The International Commission on the Future of Food and Agriculture was created in 2003 in Tuscany, Italy, as a result of an international meeting of leaders in the food and agriculture movement brought together by Claudio Martini, President of the Regional Government of Tuscany and Dr. Vandana Shiva, noted activist and Executive Director of Navdanya/Research Foundation for Science, Technology and Environment and President of Navdanya International.

The Commission brings together leading activists, academics, scientists, politicians and farmers from North and South, committed to building more socially and ecologically sustainable food and agriculture systems and active in creative movements for the protection of biodiversity, local food production and consumption, food security and food safety, and the rights of small farmers.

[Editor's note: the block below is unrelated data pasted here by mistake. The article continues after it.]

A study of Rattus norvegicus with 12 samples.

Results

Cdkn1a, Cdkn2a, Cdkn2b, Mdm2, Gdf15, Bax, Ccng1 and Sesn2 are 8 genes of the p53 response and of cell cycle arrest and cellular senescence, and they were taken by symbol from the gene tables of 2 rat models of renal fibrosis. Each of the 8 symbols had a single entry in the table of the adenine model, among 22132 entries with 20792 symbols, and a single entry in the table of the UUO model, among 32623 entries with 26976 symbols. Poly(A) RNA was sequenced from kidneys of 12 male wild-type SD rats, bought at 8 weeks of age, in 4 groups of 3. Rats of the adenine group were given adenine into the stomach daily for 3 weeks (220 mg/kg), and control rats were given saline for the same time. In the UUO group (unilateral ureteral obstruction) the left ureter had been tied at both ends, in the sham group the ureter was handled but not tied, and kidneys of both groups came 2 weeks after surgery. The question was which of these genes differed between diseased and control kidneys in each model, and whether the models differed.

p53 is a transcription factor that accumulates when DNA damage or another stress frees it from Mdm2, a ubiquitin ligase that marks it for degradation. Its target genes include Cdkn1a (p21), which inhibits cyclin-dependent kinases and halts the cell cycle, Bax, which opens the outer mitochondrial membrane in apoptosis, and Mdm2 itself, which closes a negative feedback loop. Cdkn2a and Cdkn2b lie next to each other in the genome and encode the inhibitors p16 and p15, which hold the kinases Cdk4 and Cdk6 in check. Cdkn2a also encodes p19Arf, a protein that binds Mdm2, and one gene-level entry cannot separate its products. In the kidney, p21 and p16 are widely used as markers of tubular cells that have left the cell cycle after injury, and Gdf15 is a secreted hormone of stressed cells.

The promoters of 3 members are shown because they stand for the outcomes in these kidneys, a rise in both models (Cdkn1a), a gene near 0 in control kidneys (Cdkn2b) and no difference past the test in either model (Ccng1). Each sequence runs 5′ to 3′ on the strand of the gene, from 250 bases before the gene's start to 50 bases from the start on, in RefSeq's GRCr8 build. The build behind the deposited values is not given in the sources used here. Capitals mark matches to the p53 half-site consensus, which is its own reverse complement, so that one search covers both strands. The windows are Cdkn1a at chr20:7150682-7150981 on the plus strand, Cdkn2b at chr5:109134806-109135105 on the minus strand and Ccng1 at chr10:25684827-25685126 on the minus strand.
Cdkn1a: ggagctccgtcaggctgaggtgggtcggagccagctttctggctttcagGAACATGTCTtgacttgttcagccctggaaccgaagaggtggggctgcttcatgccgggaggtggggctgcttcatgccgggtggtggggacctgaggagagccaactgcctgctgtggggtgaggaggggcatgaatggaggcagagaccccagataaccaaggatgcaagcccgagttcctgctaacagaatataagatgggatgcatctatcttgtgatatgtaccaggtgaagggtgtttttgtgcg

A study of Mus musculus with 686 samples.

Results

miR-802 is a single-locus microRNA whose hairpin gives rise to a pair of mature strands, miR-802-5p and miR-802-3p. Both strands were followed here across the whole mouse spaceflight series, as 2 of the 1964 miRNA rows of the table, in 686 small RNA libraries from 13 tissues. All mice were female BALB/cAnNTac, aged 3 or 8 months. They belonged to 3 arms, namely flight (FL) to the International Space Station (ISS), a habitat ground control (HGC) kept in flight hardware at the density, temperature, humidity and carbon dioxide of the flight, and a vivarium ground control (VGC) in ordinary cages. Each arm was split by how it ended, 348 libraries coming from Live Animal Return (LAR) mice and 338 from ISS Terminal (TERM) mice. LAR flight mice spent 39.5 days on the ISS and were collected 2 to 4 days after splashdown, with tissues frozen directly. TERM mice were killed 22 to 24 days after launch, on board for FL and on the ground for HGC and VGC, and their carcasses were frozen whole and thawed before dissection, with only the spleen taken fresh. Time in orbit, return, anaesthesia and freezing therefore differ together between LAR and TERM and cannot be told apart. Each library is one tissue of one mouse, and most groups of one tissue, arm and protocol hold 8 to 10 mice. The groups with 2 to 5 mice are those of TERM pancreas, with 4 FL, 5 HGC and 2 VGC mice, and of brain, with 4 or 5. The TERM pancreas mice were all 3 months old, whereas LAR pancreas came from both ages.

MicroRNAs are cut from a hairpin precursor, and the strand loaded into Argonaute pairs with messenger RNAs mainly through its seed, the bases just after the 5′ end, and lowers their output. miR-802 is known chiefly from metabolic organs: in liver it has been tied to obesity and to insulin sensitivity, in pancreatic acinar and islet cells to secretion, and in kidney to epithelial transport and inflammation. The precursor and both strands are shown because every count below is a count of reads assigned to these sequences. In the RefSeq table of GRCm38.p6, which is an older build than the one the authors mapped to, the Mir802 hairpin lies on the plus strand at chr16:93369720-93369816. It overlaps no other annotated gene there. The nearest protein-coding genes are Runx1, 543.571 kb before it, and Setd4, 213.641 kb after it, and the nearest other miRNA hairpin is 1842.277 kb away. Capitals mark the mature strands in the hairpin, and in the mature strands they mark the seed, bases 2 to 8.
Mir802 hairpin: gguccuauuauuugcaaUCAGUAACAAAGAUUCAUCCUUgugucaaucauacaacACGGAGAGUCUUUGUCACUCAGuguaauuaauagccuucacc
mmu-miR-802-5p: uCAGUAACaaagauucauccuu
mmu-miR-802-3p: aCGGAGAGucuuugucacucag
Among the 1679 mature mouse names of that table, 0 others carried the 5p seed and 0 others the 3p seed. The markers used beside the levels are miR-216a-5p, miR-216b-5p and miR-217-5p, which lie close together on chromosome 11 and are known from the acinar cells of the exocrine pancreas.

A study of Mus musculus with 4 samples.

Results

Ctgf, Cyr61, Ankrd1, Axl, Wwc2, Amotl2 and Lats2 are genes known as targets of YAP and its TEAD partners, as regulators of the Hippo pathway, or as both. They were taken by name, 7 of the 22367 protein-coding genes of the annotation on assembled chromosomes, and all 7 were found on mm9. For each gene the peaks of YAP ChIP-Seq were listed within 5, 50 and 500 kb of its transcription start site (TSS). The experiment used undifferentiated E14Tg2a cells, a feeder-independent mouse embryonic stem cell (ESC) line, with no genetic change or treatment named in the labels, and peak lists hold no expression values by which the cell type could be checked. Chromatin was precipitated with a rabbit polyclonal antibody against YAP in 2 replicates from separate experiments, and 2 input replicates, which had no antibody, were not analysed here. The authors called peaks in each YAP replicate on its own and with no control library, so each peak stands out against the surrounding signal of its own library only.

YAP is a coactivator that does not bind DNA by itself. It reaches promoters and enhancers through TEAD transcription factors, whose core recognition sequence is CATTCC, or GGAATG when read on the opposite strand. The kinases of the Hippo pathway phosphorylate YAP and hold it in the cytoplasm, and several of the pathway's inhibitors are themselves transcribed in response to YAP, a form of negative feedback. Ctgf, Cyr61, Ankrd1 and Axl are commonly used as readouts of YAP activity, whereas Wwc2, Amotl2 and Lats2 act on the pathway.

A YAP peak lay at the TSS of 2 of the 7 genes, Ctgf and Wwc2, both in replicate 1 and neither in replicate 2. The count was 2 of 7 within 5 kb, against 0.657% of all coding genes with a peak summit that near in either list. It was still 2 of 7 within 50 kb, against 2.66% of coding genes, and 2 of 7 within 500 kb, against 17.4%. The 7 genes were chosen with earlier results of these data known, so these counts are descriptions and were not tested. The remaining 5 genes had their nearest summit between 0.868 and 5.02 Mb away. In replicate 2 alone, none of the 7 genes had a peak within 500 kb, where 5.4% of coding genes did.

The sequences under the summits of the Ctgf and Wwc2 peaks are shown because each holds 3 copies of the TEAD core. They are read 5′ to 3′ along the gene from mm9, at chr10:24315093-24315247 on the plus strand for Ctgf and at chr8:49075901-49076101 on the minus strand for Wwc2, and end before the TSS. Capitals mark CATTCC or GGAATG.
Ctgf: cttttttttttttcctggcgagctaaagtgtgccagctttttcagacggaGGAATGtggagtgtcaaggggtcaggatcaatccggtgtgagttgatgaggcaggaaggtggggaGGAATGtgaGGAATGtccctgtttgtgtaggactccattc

It seeks to strengthen the global seed and food movement towards a more equitable and caring world by making more visible viable alternatives to the present corporate controlled, technology-based, monocultural and export-oriented systems of food and agriculture.

It seeks to strengthen forces for global democracy through helping construct a network of regional and local governments and movements working on sustainable food security systems.

It has published the first four far-reaching Manifestos on issues of critical importance to the future of the planet: the future of food, the future of the seed, climate change and the future of food security, and the need for new knowledge systems. The Manifestos, each translated into four languages, English, Italian, French and German, have been widely distributed at major international United Nations and Civil Society Conferences and Summits on food security, agriculture, and climate change. Other publications which followed are: The Law of The Seed, the Terra Viva Manifesto, and the Food For Health Manifesto.